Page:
Naioth

NAIOTH (nā'ŏth, ōth, Heb. nāyôth). A place in or near Ramah of Benjamin, not far north of Jerusalem, where David stayed with Samuel during an early flight from Saul (1Sam.19.18-1Sam.20.1). It was the home of a band of prophets. When Saul pursued David there, Saul himself was seized with the spirit of prophecy, giving rise to the saying, “Is Saul also among the prophets?” David fled from Saul and went to Jonathan, Saul’s son.


NAIOTH nā’ yŏth (נָֽיוֹת, נוִֹות, in 1 Samuel 20:1; other MSS have נָיוֹת, H5766, or נוִֹית, LXX B Lucian has Ναυιωθ; meaning dwellings is uncertain). The place to which David fled from Saul and the residence of Samuel.

Naioth occurs only in the narrative of 1 Samuel 19:18-20:1. It is uncertain whether the word is a proper name or a common noun. It always occurs in conjunction with Ramah and is said to be in Ramah (vv. 19, 22, 23; 20:1). Some think, therefore, that it described the domicile of Samuel and his school of prophets (v. 20).

When Saul pursued David to this site after first sending three groups of messengers, “the Spirit of God came upon him also, and as he went he prophesied, until he came to Naioth in Ramah. And he too stripped off his clothes, and he too prophesied before Samuel, and lay naked all that day and all that night...” (vv. 23f.).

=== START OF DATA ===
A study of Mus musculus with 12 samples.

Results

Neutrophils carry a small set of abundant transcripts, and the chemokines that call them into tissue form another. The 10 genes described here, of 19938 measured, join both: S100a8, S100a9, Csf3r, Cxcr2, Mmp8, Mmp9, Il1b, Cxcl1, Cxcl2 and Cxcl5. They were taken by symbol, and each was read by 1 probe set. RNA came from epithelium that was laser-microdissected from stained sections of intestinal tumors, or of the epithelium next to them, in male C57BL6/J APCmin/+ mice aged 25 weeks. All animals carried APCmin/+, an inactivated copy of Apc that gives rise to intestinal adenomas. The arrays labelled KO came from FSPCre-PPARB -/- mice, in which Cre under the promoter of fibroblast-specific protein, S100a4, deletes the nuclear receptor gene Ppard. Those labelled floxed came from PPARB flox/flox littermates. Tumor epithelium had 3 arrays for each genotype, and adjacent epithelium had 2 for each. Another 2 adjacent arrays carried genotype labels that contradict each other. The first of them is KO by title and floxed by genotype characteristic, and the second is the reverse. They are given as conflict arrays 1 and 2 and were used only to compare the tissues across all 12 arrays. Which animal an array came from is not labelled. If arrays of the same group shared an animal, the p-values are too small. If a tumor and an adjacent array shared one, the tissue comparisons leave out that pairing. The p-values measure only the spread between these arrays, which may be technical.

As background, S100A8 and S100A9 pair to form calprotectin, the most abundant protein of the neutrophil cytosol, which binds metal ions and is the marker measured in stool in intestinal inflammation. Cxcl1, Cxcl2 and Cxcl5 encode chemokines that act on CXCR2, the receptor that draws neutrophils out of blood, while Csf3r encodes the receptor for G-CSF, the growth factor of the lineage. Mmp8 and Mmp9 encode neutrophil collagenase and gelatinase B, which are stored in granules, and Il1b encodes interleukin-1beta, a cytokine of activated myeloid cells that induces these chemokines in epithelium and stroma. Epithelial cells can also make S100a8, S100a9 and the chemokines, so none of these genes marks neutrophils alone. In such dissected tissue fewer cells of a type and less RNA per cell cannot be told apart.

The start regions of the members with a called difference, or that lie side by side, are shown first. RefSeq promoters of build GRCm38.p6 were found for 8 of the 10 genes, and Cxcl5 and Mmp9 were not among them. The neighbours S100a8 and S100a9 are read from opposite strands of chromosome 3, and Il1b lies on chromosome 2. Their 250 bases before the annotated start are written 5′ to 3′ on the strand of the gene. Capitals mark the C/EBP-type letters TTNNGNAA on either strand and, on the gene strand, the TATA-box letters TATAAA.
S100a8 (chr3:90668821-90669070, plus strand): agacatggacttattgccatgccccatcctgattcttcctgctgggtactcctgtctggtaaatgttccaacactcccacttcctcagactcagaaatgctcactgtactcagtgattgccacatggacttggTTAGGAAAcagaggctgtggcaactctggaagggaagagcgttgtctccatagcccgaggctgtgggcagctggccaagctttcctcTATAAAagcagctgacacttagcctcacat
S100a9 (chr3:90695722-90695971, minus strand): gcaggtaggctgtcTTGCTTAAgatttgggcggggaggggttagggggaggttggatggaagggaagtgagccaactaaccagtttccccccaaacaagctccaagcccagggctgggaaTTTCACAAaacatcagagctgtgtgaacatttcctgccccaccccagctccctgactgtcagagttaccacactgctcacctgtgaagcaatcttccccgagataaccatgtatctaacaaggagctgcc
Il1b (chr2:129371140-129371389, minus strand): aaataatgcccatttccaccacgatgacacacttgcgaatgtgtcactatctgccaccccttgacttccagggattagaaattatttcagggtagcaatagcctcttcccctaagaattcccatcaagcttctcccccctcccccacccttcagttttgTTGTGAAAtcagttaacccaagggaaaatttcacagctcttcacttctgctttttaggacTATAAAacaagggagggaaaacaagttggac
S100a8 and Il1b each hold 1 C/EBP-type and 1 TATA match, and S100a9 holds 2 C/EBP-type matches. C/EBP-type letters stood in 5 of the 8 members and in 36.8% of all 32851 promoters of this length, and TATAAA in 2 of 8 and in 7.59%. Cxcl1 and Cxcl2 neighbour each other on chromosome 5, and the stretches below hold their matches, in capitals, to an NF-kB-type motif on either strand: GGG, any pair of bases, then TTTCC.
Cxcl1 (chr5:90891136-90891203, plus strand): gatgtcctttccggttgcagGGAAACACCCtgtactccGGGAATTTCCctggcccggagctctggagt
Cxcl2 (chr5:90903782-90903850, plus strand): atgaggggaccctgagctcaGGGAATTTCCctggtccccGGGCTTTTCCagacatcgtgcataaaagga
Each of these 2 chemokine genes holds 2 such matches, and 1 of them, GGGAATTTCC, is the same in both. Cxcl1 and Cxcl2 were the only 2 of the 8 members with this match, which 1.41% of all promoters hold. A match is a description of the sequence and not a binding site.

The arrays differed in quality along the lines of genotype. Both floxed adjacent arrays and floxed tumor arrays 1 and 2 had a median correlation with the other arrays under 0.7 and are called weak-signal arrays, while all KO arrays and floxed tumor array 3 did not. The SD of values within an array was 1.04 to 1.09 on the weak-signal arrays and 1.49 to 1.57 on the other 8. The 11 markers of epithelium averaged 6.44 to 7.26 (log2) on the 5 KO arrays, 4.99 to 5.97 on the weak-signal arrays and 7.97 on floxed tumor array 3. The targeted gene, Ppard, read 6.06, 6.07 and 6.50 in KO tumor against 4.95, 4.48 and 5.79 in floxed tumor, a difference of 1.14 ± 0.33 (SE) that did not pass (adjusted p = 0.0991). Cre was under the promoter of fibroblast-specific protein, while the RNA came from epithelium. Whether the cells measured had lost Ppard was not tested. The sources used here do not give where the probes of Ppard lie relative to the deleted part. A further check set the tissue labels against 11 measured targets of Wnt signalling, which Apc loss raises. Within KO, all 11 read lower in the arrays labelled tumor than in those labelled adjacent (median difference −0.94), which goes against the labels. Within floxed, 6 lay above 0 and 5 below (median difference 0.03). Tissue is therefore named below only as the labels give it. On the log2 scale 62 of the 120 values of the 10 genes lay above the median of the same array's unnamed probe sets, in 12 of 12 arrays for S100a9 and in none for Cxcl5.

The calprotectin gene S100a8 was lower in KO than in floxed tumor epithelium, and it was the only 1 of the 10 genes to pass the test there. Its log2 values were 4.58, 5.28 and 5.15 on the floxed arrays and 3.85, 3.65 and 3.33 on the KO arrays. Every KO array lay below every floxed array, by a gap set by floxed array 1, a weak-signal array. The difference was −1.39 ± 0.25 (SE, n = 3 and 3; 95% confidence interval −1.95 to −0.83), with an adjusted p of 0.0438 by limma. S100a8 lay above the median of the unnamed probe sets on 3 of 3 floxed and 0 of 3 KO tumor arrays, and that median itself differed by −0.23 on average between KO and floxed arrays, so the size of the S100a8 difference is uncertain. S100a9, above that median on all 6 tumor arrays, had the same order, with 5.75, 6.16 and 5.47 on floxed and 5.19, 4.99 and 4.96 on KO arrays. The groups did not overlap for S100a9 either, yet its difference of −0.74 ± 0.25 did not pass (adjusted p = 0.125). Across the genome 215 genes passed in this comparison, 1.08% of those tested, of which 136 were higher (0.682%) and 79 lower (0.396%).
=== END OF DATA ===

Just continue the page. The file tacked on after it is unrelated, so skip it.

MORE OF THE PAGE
Ramah is well-known as the modern er-Ram c. eight m. N of Jerusalem. Naioth, however, is unknown outside the Bible.

Bibliography

Lange’s Commentary, Samuel (1877), 252; S. R. Driver, Notes on the Hebrew Text of the Books of Samuel (1913), 158f.

International Standard Bible Encyclopedia (1915)

na’-yoth, ni’-oth (nayoth; Codex Vaticanus Auath; Codex Alexandrinus Nauioth): This is the name given to a place in Ramah to which David went with Samuel when he fled and escaped from Saul (1Sa 19:18, etc.). The term has often been taken as meaning "houses" or "habitations"; but this cannot be justified. There is no certainty as to exactly what the word signified. Clearly, however, it attached to a particular locality in Ramah; and whatever its etymological significance, it denoted a place where the prophets dwelt together. On approaching it in pursuit of David, Saul was overcome by the Spirit of God, and conducted himself like one "possessed," giving rise to the proverb, "Is Saul also among the prophets?"